StarFox 64 3D
| StarFox 64 3D

Nintendo is arguably the biggest recycler of franchises in the video game world, churning out Zeldas and Marios and the like with complete disregard for new IP.

But we don't complain, because it's impossible to spend too much time with Link, Mario, and friends.

However, StarFox a franchise that Nintendo appears to be less sure about. StarFox on the NES introduced Fox and his nimble Arwing, and follow-up StarFox 64 made sure that Fox and co. were very much on our radar, with masterful on-rails style level design and oodles of personality.

Since then, StarFox has seen a flurry of spin-off releases and half-arsed attempts to restore the series to its former glory, but all we really want is another true sequel to the Nintendo 64 version.

Until Nintendo gets the message we've got this latest 3D re-envisioning of the classic title for the Nintendo 3DS - and it's still as brilliant as it ever was.

McCloud nine

StarFox 64 3D sends Fox, Peppy, Slippy, and Falco on a voyage to stop the evil, giant face that is Andross from destroying the Lylat System.

Over a series of seven levels, you fly a speedy spacecraft called the Arwing along a set path, blasting enemies and completing objectives. You also have three team-mates who zip around you, helping you out and sometimes needing some assistance of their own.

Throughout the game the characters chat with you and each other, giving the action some personality. The shooting elements are also top-notch, with the ability to burst-fire, lock-on to enemies, and fire off bombs.

Then there are the plentiful special moves, some of which come into play during All Range Mode open area sections, including the famous Barrel Roll.

Spectacular boss battles occur at the end of each level, and even after 15 years these are some of the most enjoyable around.

Get Slippy

But what really makes StarFox an incredible experience is the replay value.

A single play through the campaign's seven levels can last around an hour, depending on how often you die and what route you take. However, there are more than just seven levels available.

Depending on whether or not you complete a specific objective in a level, you'll be sent down an 'easy' or 'hard' route to two completely different levels. From these, the action then branches into two other levels that are completely different from each other.

In this way, each time you play, you can experience a different story to last time. In fact, there are dozens of different routes you can take, and trying to find all the different levels and special stages is simply enthralling.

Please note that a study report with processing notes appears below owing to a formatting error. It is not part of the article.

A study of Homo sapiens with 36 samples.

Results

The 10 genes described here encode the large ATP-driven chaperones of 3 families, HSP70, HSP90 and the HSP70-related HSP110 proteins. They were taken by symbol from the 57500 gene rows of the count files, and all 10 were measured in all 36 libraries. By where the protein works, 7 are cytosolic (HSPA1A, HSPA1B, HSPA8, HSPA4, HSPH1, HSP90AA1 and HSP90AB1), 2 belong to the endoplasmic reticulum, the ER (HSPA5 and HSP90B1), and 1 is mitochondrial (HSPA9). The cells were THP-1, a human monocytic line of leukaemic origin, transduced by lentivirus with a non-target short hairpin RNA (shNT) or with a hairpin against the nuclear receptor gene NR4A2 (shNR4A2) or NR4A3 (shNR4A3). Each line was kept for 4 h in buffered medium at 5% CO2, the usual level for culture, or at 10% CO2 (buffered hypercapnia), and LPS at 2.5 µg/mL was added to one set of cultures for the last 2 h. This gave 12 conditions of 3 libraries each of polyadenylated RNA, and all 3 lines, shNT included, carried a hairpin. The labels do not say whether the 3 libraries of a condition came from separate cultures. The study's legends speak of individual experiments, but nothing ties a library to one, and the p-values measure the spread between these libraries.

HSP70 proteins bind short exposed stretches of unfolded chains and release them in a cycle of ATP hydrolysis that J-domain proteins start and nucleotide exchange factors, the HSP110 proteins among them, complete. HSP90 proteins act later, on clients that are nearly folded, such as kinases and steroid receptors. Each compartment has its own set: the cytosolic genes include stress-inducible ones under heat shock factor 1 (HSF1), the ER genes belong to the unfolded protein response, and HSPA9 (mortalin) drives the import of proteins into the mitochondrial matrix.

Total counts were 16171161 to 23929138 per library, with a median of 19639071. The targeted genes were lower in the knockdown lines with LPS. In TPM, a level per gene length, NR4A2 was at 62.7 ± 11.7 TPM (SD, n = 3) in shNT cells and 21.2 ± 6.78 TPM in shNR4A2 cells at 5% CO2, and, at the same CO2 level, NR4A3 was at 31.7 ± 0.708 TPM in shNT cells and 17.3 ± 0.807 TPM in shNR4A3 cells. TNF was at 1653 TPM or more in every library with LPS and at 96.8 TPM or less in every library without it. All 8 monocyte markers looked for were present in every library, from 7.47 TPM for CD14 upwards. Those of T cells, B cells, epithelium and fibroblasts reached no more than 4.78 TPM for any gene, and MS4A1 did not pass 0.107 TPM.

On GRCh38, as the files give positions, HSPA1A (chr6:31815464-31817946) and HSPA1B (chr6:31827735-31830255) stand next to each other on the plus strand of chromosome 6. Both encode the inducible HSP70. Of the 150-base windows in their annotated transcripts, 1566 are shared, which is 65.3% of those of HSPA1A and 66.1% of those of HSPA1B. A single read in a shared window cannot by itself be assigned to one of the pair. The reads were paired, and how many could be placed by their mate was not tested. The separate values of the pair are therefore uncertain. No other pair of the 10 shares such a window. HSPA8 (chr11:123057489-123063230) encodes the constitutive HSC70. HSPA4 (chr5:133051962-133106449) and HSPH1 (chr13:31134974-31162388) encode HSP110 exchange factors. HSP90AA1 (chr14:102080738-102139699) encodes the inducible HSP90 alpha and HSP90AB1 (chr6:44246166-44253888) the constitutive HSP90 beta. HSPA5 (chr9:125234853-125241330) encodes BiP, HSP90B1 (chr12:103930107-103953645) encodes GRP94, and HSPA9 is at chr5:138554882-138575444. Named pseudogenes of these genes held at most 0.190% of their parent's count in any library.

G-Diffusion of a classic

So what's new in this 3DS version? Is it worth picking up if you've already played the original to death?

Very much so. For one, the new slick stereoscopic 3D visuals are gorgeous, especially on levels with water effects.

The new touchscreen interface is also great, with your team-mates bickering on the bottom screen with brand new dialogue recordings that match the original ones extremely well. This all conspires to make you feel a lot more like you're really in the hotseat of Fox's Arwing.

The multiplayer also allows you to take a photo of yourself, which then appears above your Arwing for other players to see, which can be hilarious. Alas, there's no online multiplayer.

A bit dross

Not all of the new elements work as well. There are now two modes - 3DS mode and 64 mode - and 3DS mode allows you to control the game using the gyroscope controls.

These are utterly awful and near impossible to play with. Fortunately, you can switch betwen gyro control and Circle Pad control on the fly, but it still feels very much like Nintendo has included this control option out of obligation rather than enthusiasm.

It would also have been nice if the highscores were online, allowing players to compete with friends.

As it is, this is another fantastic re-release for the Nintendo 3DS. Hopefully, it'll sell by the bucketload and spur Nintendo on to finally give us the sequel we've been waiting for.

StarFox 64 3D

StarFox 64 3D reminds us why we've been begging Nintendo for a proper sequel for nearly 15 years
Mike Rose
Mike Rose
An expert in the indie games scene, Mike comes to Pocket Gamer as our handheld gaming correspondent. He is the author of 250 Indie Games You Must Play.